Dr. Ed Roberts - Altair's dead daddy.

Today Dr Ed Roberts died of pneumonia at the age of 68. He invented the Altair computer. The whaa? The Altair. It's the computer that began the PC revolution, and the progenitor of the thing on your desk or in your pocket.

In 1975, huge tech companies or universities had computers. They filled a room and you had to book time to get to use one. Every nerd dreamed of having one on his desk, to mess around with. Then Dr Ed Roberts designed and sold the Altair as a kit, but it was available as a complete unit for a bit extra. It had no keyboard or monitor. It was a box with switches and lights. In the picture to the left, he's posing with a terminal, which was added later, to make it easier to work with the machine. Imagine programming your computer by flipping a row of switches on the front, and reading the output only through a row of red lights. Crazy.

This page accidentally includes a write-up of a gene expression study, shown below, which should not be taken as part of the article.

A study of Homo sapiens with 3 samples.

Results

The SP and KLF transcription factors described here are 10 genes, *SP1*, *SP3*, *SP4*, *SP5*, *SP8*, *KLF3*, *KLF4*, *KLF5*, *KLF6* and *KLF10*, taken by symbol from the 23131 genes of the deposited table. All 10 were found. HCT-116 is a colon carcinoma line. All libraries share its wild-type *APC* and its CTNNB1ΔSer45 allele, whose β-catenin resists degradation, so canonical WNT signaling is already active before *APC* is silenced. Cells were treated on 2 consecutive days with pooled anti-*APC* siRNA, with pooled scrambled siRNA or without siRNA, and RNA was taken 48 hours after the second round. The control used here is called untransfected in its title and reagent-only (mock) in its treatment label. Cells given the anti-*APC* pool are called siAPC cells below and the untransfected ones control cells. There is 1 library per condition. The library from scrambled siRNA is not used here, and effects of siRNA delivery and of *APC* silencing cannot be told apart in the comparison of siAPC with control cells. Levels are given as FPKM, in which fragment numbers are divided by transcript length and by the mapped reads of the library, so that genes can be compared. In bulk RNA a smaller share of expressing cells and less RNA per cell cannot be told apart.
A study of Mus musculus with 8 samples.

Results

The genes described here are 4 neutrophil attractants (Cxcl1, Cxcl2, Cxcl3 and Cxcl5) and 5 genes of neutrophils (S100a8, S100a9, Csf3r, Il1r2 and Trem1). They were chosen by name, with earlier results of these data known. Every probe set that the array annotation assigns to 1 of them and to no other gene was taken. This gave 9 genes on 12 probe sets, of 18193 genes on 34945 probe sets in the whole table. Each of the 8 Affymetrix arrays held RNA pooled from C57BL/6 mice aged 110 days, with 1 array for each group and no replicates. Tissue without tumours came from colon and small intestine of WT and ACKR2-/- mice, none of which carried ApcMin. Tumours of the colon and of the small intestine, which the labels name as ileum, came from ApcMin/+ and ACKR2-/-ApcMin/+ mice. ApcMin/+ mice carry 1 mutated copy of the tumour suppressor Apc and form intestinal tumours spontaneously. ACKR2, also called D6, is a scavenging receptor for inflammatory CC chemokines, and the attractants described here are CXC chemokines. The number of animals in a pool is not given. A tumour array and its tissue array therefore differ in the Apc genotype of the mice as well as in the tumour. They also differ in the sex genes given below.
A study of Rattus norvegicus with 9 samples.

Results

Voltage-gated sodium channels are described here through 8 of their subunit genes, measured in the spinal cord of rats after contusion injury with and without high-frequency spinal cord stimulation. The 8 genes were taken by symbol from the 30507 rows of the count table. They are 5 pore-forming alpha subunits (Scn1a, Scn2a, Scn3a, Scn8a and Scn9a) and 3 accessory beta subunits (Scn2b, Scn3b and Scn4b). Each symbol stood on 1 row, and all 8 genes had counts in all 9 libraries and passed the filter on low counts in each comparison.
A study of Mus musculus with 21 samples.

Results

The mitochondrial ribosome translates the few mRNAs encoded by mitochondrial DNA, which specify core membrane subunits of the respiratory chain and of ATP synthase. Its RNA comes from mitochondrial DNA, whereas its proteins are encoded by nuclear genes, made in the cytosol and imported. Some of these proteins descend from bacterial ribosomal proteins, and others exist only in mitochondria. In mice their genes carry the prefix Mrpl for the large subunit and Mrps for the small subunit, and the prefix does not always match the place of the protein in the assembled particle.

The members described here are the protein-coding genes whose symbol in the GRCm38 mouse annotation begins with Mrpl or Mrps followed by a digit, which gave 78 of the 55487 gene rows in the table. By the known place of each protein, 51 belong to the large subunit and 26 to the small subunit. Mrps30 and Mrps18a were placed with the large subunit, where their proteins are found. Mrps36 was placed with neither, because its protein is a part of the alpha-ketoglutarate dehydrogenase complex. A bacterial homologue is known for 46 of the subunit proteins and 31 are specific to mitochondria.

But at the time, it was the only computer you could buy for less than a zillion dollars. Here's a YouTube video explaining the Altair's importance better than I can. Members of the Home Brew Computer Club (of which Bill Gates and Steve Wozniak were members) went crazy over it, simply because it was a computer they could mess with. The big achievement for the club was when one member found that the Altair would produce FM noise from it's circuits, and by placing a radio next to it, you could hear this noise as a pitch. Before long, they had the Altair playing "Daisy" over the radio. The club went apeshit.

Another interesting part of the Homebrew Computer Club's history is Bill Gates' open letter to the club, stating that using a programming language without paying for it is wrong. It's fascinating to see that, even in the early seventies, the future giants of the tech industry were showing their colors. Gates the litigious entrepreneur and Steve Wozniak the open source tinkerer.

So, although the Altair bears about as much resemblance to your laptop as a penny farthing does to a Lamborghini Gallardo, it was the daddy of them all, and it's daddy died today. Don't cry into your keyboard. It's bad for it.

Triumph of the Nerds is a three part documentary that tells the whole story of the computer industry's beginnings. It's available on YouTube, and it's really good. Each one hour episode divided into six parts each.

Or you can buy the DVD if you're not into open source sharing.